We’ve been following the Sonder story quite closely for almost two years now. Sprouting out of the Alpkit tree as a new UK-focussed bike brand, Sonder Bikes launched its original alloy Transmitter hardtail back at the 2016 London Bike Show. With a tough alloy frame, kicked back trail geometry and very sharp pricing thanks to its consumer-direct sales model, the Sonder Transmitter captured the attention of many, and even earned itself a nomination in last year’s Singletrack Reader Awards for Best Bike Under £1000.
Since then, things have been cranking along for Sonder. And so Neil Sutton, Sonder’s head honcho/bike designer/tester/bike builder/customer service man, has been very busy. He’s designed a new generation alloy Transmitter, and earlier this year, rolled out a carbon fibre Transmitter – a bike we currently have on test (check out the detailed First Look article here). There’s even been some news on the drop-bar side of things, with Neil having designed a new carbon fibre disc brake road bike called the Colibri (check it out on Grit.cx here if you’re into that sort of thing…).
While all of that’s been going on however, Neil has had something else up his sleeve. Something with a little more squish. While Sonder’s off-road range has largely been of the rigid-framed variety up until now, it would appear that that’s about to change with the all-new Evol full suspension trail bike.
Sonder Evol Features
- Full suspension trail bike
- Hydroformed and custom butted alloy frame tubing
- 27.5in wheels
- Clearance for up to 27.5×2.6in wide tyres
- Four-bar suspension design w/Metric rear shock
- 140mm rear travel
- 150mm fork travel
- 66° head angle
- 74° seat tube angle
- 430mm chainstay length
- 73mm english theaded bottom bracket shell
- 148x12mm rear thru-axle
- Claimed frame weight: 3.18kg / 7lbs (with shock)
- Available sizes: Small, Medium, Large, & X-Large
- Frame pricing: £899 (with RockShox Deluxe RT rear shock)
- Complete bike RRP: From £1599
The new Sonder Evol arrives on the scene after 18 months worth of prototyping and testing. The model you’re looking at here is the third iteration of the design process, though not a whole lot has changed since the first prototype, aside from the back end being shortened a touch and the bottom bracket being lowered too. Otherwise Neil has been pretty happy with the frame design, suspension and geometry he originally settled on.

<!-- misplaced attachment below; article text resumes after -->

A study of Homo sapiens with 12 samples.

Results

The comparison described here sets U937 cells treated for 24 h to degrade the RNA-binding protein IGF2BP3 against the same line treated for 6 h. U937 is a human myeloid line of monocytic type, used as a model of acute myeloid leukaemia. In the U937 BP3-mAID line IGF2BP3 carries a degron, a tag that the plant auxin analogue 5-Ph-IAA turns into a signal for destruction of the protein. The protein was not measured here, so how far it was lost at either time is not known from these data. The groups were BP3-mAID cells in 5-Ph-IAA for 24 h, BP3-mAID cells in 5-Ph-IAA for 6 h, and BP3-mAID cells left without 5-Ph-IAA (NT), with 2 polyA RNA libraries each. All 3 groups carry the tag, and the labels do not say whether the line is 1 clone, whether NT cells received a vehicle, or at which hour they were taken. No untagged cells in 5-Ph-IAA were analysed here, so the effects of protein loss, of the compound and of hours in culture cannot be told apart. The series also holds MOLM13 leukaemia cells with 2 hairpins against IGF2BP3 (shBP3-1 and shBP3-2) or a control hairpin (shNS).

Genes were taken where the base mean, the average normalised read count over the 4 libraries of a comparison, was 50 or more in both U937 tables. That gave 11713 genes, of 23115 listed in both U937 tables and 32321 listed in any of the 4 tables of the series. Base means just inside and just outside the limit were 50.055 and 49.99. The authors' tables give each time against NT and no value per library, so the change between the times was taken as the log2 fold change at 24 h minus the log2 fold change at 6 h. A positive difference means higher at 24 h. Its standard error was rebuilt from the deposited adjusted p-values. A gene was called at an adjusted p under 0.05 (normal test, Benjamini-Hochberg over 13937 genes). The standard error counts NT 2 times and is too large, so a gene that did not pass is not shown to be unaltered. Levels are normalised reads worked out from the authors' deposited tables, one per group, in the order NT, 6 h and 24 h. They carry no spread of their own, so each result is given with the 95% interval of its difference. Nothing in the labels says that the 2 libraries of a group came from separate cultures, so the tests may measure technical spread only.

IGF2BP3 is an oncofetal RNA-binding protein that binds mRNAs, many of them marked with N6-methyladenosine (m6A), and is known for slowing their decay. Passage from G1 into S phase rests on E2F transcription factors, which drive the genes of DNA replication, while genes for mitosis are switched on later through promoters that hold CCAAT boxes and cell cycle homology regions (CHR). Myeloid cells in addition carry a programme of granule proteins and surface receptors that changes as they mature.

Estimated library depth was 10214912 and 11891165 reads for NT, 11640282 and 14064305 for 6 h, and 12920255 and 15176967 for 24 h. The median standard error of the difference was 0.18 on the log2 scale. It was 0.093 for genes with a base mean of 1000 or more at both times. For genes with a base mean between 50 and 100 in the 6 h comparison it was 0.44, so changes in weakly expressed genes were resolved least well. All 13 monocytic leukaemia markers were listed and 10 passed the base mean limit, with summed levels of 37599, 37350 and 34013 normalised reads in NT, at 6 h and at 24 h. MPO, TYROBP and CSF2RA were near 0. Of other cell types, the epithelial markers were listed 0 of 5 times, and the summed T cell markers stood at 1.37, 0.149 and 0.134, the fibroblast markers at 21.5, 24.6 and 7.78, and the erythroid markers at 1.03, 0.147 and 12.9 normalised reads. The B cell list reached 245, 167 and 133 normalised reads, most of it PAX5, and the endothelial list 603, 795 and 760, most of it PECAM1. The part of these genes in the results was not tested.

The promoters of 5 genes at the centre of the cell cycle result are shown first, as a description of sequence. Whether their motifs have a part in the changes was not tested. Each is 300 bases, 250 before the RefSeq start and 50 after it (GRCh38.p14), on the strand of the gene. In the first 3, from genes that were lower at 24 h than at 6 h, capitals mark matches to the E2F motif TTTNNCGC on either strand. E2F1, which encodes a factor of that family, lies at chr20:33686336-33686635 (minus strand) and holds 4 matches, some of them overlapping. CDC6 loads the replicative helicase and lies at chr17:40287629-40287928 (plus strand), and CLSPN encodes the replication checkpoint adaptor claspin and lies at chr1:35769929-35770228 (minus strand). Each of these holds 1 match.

The production versions are due to arrive before the end of November, and it’ll be available as both a frameset and as a complete bike. Pricing is still to be confirmed, though Neil tells us the Evol frameset will sell for £899 with a RockShox Deluxe RT rear shock, while complete bikes will start at £1599 – which is insanely good value for money!
Prior to the Evol becoming available to the public, Neil wanted to visit us at Singletrack Towers to show us his new bike. This is the first time the Evol has been shown to the public, and so we took the opportunity to film a video with Neil, which you can watch in the video above. We were also able to swing a leg over a pre-production version of the Evol, and you’ll be able to read the first ride report very soon. In the meantime, lets take a closer look at some of the details found on Sonder’s brand new full suspension trail bike.
With a focus on durability and value for money, the Sonder Evol chooses alloy tubes to piece together its tough-looking frame. There’s a four-bar suspension design with 140mm of travel out back, and a top tube-mounted rear shock that’s driven by a black alloy rocker link. Pivot points feature alloy hardware and sealed bearings, and other practicalities include the ability to fit a water bottle inside the mainframe, and a threaded bottom bracket shell.
The Evol is designed for use with a 150mm travel fork, and geometry has been optimised around a compact 35mm long stem and 780mm wide handlebars. There’s room for up to 2.6in wide 27.5in tyres, and overall the Evol has been designed as a capable and fun do-it-all trail bike. Neil says you could race it at an enduro event if you wanted to (it’s plenty strong to do so), but it’s mostly been built as a fun bike for weekend warriors.
The rear derailleur hanger is similar to a Syntace X-12 system. The hanger is a chunky piece of alloy that provides a stiff platform for shifting, and attaches to the frame via a hollow alloy bolt, and a single locating pin that helps to stop it from twisting in the dropout. If you do snag a stick through the spokes or hit the rear derailleur on a rock, the hollow alloy mounting bolt is designed to break-away, ideally leaving the hanger, derailleur and frame intact in such a scenario.
After finishing off our ride at Lee Quarry, Neil casually pulled a box out of his car with a couple more frames inside. The Sonder Evol will of course be available as a frame-only for those who wish to build their own complete bike up, and pricing is going to be quite sharp. There will be four frame sizes starting with a Small and ending at an X-Large. Three colours are available, with the Orange, Slate and Lime Green colours all electing for a high quality matte finish that Neil says is very durable. This colour here is the understated Slate finish, complete with blue highlights.
We’d love to hear what you guys think of the new Sonder Evol! And if you have any questions about the bike, submit them in the comments section below and either we’ll endeavour to answer them for you, or we’ll get Neil to chime in with his input. Otherwise stay tuned for the first ride report of the all-new Evol from Sonder Bikes!